Germany’s health minister says the rapid rise in coronavirus cases means it is likely that everyone in the country who is not vaccinated will have caught COVID-19 by the end of the winter, and some of those will die.
Official figures showed more than 30,000 newly confirmed cases in Germany over the past 24 hours, an increase of about 50 per cent compared to a week ago.
Hospitals have warned that ICU capacities are nearly exhausted, with some patients having to be transferred to clinics some distance away.
Health minister Jens Spahn urged Germans to get vaccinated, including with booster shots if their first round of inoculation occurred more than six months ago, to reduce the risk of serious illness.
“By the end of this winter pretty much everyone in Germany … will have been vaccinated, recovered or died,” Mr Spahn told reporters in Berlin.
He acknowledged that some had described this view as cynical.
“But it’s true,” he said. “With the highly contagious Delta variant this is very, very likely and that’s why we are recommending vaccination so urgently.”
Mr Spahn said some 50 million doses of the Moderna and BioNtech/Pfizer vaccines would be made available for the rest of the year to allow people to get first, second or third jabs, as necessary.
To achieve this, Germany was holding back tens of millions of doses originally intended for poor countries. These missing doses would be provided at a later date, he said.
Some politicians in Germany have suggested the country may need to consider compulsory vaccinations, like its neighbour Austria.
About 68 per cent of Germany’s population of 83 million has been fully vaccinated. The German government has said it wants to push that rate above 75 per cent to effectively curb the spread of the virus, but a sizeable minority in the population has resisted calls to take the vaccine.
Karl Lauterbach, a prominent politician with the the centre-left Social Democrats, called for a “radical” application of rules requiring people to present vaccination or recovery certificates to access some shops and public places.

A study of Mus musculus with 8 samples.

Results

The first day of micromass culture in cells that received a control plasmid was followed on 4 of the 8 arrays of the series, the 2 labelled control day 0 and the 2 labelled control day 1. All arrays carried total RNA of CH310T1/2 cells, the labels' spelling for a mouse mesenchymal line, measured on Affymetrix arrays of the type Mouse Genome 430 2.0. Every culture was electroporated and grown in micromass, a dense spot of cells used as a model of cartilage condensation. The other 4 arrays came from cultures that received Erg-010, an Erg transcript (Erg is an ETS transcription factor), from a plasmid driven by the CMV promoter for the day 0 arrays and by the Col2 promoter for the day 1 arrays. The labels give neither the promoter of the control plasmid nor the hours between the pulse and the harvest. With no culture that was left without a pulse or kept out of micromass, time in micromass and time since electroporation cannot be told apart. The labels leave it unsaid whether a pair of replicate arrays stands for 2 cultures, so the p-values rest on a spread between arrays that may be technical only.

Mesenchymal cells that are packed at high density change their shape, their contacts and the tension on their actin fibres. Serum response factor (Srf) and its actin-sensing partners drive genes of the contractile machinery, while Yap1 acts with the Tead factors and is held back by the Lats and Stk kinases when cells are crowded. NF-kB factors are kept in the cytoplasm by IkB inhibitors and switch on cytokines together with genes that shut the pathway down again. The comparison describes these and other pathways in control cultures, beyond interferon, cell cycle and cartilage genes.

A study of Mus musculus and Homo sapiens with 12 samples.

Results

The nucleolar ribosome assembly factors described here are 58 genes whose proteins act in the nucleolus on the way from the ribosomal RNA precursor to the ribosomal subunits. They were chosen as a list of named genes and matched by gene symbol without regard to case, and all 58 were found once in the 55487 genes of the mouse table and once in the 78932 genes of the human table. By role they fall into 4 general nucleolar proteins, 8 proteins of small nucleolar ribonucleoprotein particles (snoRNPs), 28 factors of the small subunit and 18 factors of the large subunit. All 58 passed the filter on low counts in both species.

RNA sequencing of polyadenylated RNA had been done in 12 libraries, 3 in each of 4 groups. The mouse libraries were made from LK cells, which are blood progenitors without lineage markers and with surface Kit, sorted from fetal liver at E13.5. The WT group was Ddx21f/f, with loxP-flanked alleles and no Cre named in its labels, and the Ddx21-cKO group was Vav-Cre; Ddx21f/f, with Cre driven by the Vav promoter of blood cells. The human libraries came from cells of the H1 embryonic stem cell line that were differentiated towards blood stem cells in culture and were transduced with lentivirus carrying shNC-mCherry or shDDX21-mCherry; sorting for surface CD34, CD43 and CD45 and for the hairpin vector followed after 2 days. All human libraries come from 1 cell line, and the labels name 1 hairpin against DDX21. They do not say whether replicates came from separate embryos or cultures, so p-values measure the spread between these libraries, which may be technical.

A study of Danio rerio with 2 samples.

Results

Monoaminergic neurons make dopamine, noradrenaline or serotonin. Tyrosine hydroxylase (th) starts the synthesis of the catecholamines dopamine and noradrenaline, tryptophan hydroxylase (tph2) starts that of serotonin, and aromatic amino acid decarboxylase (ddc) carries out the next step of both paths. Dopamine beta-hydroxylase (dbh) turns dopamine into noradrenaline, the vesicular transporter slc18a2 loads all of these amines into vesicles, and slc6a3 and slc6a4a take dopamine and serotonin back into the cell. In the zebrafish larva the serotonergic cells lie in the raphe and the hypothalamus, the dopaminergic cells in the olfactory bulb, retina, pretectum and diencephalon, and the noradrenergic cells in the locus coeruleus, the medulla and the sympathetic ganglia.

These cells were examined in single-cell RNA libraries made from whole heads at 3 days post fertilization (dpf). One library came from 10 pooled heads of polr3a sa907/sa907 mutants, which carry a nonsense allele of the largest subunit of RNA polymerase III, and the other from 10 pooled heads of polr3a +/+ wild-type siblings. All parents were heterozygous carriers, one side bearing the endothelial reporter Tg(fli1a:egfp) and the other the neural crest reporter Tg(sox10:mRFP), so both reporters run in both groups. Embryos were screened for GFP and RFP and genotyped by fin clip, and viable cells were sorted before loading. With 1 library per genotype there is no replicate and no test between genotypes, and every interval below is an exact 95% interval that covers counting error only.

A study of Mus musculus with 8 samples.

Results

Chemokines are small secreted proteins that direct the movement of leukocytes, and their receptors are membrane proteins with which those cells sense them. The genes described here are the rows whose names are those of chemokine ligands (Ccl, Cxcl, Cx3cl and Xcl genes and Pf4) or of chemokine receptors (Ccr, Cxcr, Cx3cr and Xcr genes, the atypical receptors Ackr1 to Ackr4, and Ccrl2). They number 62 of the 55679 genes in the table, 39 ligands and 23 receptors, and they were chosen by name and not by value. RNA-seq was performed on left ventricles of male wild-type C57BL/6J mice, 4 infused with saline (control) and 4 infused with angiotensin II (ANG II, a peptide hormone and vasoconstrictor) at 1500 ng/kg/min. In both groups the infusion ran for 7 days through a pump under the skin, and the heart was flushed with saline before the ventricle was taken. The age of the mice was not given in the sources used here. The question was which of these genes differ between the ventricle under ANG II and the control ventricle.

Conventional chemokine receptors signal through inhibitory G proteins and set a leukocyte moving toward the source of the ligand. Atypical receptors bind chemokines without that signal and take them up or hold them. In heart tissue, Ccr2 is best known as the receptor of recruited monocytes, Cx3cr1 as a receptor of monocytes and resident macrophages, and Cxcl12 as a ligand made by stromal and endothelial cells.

“A general vaccine mandate (shouldn’t be) taboo either,” he said on Twitter.
Bavaria’s conservative governor, Markus Soeder, said on Monday that he also favoured mandatory vaccines for all.
Mr Soeder acknowledged that such a move would infringe on civil liberties, but argued that this needed to be balanced against the need to protect the health of the population and preserve other freedoms.
“That’s why we believe that only a general vaccine mandate offers a durable solution,” he added.
But a spokesman for outgoing German chancellor Angela Merkel made clear that her government had no plans to tackle the controversial issue of vaccine mandates.
“There is no decision about this now and it wouldn’t be taken by this government anymore,” Steffen Seibert told reporters in Berlin.
A centre-left coalition of three parties is expected to finalise negotiations on forming a government in early December.
Germany expects the European Union to approve vaccines against COVID-19 for children aged five to 11 at the end of the week, he said.
School-age children have among the highest infection rates in the country.
The EU will begin shipping vaccines adjusted for younger children on December 20, with Germany initially getting 2.4 million doses, Mr Spahn said.